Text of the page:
Restaurant Marché part 1: Campagne, Pike Place Market

Barby Cohen wrote asking what gives with the “winter remodel” of Campagne. The one I told you about in January when Daisley Gordon and I discussed the closure of the iconic French restaurant — slated to have reopened by now with a new look, a new menu and a new lease on life.

“I’m très worried that they won’t reopen,” says Barby, who can’t ken the notion that her favorite restaurant may go the way of others awaiting “remodel” by staying closed indefinitely. “Do you have any insider information?” she inquired, after a recent visit to the shuttered courtyard site. And she’s not the only one waiting for some good news on the Campagne front. I’ve heard from numerous Eaters left tapping their toes and checking their watches.

The Zucker clan, seen this week waiting impatiently for Campagne to reopen. With no time to waste, they could have gone to Cafe Campagne, but headed instead to that other Market treasure, Matt’s in the Market.

“We just started tearing walls down,” chef Gordon told me last week when I called for insider info, explaining the new design will create greater harmony between the former dining room and the existing bar. “Our goal is to be open again by the first of September” with a new French name: Marché, reflecting the Market location.

Cafe Campagne’s continued success notwithstanding, Gordon — who oversees the sister-restaurants as managerial head as well as culinary guiding light — will likely also get a new chef’s coat.

“Wait a minute!” you say. Isn’t there another Marché here in the Pacific Northwest? (Indeed, there is.) And another one scheduled to open soon on Bainbridge Island? Mais oui: That’s part two. (Which we’ll discuss in a subsequent post.)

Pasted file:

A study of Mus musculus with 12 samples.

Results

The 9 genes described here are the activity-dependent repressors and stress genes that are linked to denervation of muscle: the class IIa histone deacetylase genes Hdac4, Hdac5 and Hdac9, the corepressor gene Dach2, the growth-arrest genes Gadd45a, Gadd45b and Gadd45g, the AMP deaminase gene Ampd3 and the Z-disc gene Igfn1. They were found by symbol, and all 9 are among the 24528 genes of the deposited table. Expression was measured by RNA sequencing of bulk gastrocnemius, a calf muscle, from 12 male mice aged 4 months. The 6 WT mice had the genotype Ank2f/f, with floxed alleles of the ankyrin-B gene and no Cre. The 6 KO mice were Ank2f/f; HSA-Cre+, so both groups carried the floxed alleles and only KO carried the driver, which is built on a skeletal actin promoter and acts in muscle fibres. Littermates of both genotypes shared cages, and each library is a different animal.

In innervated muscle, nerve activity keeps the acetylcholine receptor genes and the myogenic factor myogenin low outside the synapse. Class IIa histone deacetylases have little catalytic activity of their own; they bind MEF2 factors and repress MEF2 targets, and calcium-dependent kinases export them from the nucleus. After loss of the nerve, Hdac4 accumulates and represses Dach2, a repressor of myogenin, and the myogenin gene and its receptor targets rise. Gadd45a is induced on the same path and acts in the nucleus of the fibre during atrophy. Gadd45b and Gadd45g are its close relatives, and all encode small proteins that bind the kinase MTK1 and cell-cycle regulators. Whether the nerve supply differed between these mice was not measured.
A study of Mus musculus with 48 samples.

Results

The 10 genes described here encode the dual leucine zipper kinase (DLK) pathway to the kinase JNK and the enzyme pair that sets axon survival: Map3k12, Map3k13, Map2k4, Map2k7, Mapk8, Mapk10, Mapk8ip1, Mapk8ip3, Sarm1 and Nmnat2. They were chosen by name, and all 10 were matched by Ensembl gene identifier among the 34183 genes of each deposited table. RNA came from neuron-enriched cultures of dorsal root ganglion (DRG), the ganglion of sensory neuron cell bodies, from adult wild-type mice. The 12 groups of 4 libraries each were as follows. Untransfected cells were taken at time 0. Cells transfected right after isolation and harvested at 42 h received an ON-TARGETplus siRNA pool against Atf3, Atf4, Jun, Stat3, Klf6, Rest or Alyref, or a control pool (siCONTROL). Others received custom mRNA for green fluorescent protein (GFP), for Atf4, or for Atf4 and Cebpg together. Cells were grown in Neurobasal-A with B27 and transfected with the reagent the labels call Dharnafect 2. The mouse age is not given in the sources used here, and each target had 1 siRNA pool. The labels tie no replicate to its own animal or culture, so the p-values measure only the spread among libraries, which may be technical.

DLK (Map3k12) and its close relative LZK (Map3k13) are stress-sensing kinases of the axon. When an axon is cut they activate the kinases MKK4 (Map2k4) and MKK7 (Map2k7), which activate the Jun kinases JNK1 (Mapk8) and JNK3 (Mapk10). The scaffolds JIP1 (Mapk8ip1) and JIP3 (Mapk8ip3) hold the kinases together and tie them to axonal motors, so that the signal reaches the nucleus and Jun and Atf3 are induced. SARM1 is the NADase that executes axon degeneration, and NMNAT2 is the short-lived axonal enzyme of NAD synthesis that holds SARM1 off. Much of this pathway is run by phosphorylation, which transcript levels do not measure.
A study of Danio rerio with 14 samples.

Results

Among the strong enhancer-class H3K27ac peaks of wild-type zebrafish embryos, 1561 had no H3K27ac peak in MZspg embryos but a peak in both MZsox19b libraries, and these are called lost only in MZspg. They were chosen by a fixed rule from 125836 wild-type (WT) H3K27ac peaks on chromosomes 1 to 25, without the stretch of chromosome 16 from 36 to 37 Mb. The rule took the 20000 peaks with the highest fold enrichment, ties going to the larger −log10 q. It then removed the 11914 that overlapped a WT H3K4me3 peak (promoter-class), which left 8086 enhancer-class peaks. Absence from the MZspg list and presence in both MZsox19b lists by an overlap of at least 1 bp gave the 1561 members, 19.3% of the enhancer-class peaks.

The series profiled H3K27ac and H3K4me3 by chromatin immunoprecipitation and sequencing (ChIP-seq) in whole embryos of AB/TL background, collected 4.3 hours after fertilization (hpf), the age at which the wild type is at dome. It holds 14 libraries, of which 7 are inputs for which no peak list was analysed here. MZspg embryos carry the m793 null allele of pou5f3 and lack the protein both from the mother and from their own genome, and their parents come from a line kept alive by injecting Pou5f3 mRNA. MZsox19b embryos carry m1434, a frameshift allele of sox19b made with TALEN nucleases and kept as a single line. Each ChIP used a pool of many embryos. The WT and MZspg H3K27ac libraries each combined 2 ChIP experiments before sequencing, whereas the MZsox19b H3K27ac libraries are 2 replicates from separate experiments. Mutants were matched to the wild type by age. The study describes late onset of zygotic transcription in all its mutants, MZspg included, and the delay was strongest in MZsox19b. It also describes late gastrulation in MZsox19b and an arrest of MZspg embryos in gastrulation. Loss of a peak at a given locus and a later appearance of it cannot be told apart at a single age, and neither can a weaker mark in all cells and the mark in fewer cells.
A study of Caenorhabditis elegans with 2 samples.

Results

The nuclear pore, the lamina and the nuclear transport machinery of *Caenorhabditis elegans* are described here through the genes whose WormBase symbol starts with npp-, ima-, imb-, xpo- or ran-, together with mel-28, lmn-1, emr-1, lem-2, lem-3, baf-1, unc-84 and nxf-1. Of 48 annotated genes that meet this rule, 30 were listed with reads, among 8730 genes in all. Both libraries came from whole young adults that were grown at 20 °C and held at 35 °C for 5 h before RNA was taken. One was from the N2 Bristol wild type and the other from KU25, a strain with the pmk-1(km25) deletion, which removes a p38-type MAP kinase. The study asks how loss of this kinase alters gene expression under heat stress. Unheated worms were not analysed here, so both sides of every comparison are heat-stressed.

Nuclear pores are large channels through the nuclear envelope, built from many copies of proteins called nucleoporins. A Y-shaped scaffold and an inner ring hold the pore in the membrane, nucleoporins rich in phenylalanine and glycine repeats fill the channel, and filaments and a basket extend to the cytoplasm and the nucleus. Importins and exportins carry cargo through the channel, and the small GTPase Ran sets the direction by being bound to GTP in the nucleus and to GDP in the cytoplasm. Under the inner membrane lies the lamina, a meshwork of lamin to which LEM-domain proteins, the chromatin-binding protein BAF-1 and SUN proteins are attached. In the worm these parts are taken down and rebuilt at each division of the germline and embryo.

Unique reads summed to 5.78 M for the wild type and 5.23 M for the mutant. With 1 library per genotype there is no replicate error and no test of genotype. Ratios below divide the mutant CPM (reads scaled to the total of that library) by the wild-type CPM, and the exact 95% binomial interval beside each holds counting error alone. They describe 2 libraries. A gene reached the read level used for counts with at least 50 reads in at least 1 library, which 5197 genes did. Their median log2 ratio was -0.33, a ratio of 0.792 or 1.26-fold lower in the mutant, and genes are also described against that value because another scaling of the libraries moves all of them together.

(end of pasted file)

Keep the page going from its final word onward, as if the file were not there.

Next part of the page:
With the debut of Marché Seattle, and the installation of an Enomatic wine-dispensing system, we can do away with the notion of fine-dining dinner house and usher in a new identity as a “bistro a vin,” says Gordon. “We already have a groovy wines-by-the-glass program in the Cafe [Campagne], and here we’ll have a glass program that will allow people to drink really great wines without having to commit to a whole bottle.” He also hopes to tap the talent of Washington winemakers providing restaurants with their own quality wines on tap.

So, what will distinguish Marché from Cafe Campagne? I asked. “The Cafe will continue to serve classic French food — the best croque monsieur, cassoulet, steak frites.” At Marché, the menu will be more dynamic. “The heart of it will still be French, that’s what I do, that’s what people respond to,” says the chef. “But we won’t be bound to doing the classics.”

Instead, he’ll feel free to “jump the border in a tasteful exploration of the flavors of Spain, Italy, Germany and Belgium,” while also nodding to “the places France had been” — North Africa among them. “It’ll be stuff we like and are excited about, food that’s absolutely seasonally driven.”

Marché is meant to appeal to the way diners are eating and drinking now, Gordon says. “My goal is to make this a place where people can come in and do what suits them whether they’re sitting in the bar or dining room, eating as little — or as much — as they like.”